When I woke up to my boyfriend's kisses on a warm morning in July, I felt guilty. It was her birthday and I was in her house. With her husband. In her bed. Her bookshelves were filled with the same books I had on mine: "The Cider House Rules," "Beloved," "The Pilot's Wife." She was a literature professor. She loved writing. She loved reading.
She loved Scrabble. And now she was gone.
Brandon had been married for less than six months when his wife was killed in a car accident. When I met him two years later, he was still wearing his wedding ring, but on his right hand. The ring is a symbol of his continued commitment to her, I assumed. Not a sign that he was ready to build a life with someone new.
Beyond the ring, there were a million reasons why I should have passed Brandon by. I love books. He never reads. I live near the beach. He's 74 miles inland. I'm a health nut. He subsists on Buffalo wings and beer. But there were bigger reasons for me to stay: we both loved racing toy penny cars in the mall; pretending we were Fred Astaire and Ginger Rogers; and singing Barry Manilow's "Copacabana" at the top of our lungs. He was loving, charming, sweet—and he knew how to make me laugh from deep within my belly.
Plus, I was like her. And they were happy.
I pored over her pictures trying to learn everything I could about the woman who came before me. She would always hold a place in Brandon's heart, so I needed to know who she was.
A chill came over me when I visited her memorial page and read through the online guest book: "No one could ever fill her shoes," someone wrote. That launched me into my next search: "dating a widower." Every site I visited warned of men who disappear after a few months out of guilt, those who constantly draw comparisons to their late spouse and those who live in the tragic state of "what if?" Brandon hadn't done any of those things.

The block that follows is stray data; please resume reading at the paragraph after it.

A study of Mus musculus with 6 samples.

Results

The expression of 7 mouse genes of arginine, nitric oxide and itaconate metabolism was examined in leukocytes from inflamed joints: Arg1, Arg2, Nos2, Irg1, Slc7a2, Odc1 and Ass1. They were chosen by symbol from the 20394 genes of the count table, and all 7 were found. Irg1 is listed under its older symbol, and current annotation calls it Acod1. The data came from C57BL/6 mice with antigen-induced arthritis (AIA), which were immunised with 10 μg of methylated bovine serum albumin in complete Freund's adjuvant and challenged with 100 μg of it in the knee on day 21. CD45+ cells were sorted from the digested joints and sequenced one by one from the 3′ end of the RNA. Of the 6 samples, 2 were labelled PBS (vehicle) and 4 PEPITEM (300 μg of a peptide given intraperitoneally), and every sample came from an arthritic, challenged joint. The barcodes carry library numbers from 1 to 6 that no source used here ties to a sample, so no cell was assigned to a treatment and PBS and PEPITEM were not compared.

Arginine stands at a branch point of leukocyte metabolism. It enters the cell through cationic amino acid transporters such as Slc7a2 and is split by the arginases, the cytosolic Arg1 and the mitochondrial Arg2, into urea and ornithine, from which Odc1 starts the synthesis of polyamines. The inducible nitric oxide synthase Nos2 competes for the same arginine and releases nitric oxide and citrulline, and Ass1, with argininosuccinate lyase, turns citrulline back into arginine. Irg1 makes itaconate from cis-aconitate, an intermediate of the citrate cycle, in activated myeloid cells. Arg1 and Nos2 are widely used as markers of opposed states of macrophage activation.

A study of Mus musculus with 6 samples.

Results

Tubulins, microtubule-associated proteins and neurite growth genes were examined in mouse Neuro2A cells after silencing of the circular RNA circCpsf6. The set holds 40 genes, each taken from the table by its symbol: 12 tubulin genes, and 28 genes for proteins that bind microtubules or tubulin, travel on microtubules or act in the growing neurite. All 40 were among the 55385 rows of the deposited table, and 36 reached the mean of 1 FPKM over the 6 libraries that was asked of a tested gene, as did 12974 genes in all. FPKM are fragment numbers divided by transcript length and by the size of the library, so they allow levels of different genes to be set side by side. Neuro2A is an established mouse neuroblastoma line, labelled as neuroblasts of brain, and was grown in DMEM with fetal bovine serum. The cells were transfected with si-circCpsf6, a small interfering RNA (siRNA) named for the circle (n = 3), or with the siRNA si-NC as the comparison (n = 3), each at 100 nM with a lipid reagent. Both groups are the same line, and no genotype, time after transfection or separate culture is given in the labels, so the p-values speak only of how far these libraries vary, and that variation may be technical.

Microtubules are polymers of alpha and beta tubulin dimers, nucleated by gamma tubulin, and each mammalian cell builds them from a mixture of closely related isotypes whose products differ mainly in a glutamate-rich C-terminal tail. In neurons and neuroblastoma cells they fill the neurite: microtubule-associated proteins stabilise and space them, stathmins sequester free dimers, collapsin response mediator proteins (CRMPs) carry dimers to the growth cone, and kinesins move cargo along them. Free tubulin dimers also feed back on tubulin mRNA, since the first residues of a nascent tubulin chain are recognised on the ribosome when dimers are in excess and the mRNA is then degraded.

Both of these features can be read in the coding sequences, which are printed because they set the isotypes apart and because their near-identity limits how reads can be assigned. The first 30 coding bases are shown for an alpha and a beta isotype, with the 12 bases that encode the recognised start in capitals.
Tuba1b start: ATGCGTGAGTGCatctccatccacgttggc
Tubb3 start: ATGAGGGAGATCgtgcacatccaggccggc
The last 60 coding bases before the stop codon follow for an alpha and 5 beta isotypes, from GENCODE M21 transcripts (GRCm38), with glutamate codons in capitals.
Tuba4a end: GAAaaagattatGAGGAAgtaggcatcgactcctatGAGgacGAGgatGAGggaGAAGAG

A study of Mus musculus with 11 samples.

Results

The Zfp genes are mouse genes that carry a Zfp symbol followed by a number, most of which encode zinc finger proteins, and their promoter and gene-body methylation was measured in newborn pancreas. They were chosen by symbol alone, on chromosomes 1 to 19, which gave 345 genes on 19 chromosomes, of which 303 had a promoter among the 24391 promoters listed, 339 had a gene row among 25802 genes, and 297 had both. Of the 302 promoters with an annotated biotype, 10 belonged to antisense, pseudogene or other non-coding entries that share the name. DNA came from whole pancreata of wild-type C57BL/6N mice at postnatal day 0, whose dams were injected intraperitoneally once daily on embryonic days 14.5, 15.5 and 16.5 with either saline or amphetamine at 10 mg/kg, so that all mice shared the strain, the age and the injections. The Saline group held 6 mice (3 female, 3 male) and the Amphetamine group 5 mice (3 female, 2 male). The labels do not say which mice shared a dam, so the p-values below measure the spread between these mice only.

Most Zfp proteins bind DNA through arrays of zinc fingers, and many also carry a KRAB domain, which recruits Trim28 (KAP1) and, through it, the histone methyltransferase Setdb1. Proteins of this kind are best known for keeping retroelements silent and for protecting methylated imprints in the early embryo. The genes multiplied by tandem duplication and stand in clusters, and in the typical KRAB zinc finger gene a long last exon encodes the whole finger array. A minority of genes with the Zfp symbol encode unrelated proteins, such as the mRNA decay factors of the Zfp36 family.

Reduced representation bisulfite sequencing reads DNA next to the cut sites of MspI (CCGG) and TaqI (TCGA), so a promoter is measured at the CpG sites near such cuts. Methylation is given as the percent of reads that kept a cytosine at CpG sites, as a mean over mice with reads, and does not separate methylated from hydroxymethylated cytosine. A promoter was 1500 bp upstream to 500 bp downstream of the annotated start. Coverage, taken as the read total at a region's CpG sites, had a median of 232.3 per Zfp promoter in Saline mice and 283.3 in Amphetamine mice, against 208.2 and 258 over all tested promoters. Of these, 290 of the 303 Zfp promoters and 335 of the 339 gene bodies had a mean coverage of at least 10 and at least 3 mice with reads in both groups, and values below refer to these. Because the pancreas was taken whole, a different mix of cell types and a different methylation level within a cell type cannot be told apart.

But then I read this: "If he has pictures of her on the walls, clothes of hers in the closet and trinkets of their life together on display, he is not ready."
Brandon insisted he wanted to move on, that she was dead and he was not. He even avoided the red flags I had read about. About a month into the relationship, the ring came off. Pictures were tucked away and replaced. Slowly, her clothes began to disappear from the closet.
Yet I still grappled with the feeling that I might never measure up to what he lost. In his mind, she will always be 33 and beautiful. Me? I'll get gray hair, wrinkled skin and flabby thighs. What's more, their relationship will remain perfect, frozen forever in newlywed bliss. In six short months, they didn't weather the storms that come with age and time: sleepless nights caring for newborns, arguments over money, in-law drama.
As I fell more deeply in love, more questions came.If he had to pick one of us, whom would he choose? After we die, will he want to be buried next to her or to me? Will we spend eternity as a trio?
But the most pressing question came on the morning of July 12: do I go with him to visit her at the cemetery?
At first, I thought I didn't belong there, that she would want to spend her birthday with her husband minus the new girlfriend. I felt guilty for living the life she was robbed of—that I was lucky because she wasn't.
But Brandon reassured me. "She would want me to find someone else," he said. "Someone who can make me as happy as she did."
So we celebrated her birthday together—all three of us. Brandon and I arranged flowers and planted a mini-balloon into the earth. "She's usually pretty quiet," he said, trying to get a laugh. The wind kicked up and the balloon began bobbing back and forth. "It looks like she's waving at us," I said. Secretly, I hoped she was letting me know she approved.
In that moment, I realized I didn't want to fill her shoes. I had my own. She and I had much in common, but we were also very different. I call Brandon out on things she might have let slide. She enjoyed shopping; I prefer wine tasting. She was a master quilter; I can't hem a pair of pants.
"I am a very lucky man," Brandon said, as he hugged me on the cemetery lawn.
I used to disagree. How could someone who lost his wife in an instant call himself "lucky"? But as we walked back to the car, I knew he was right. He has the love of two women. Maybe I'm a hopeless romantic, but I like to believe the first one helped guide him to the second.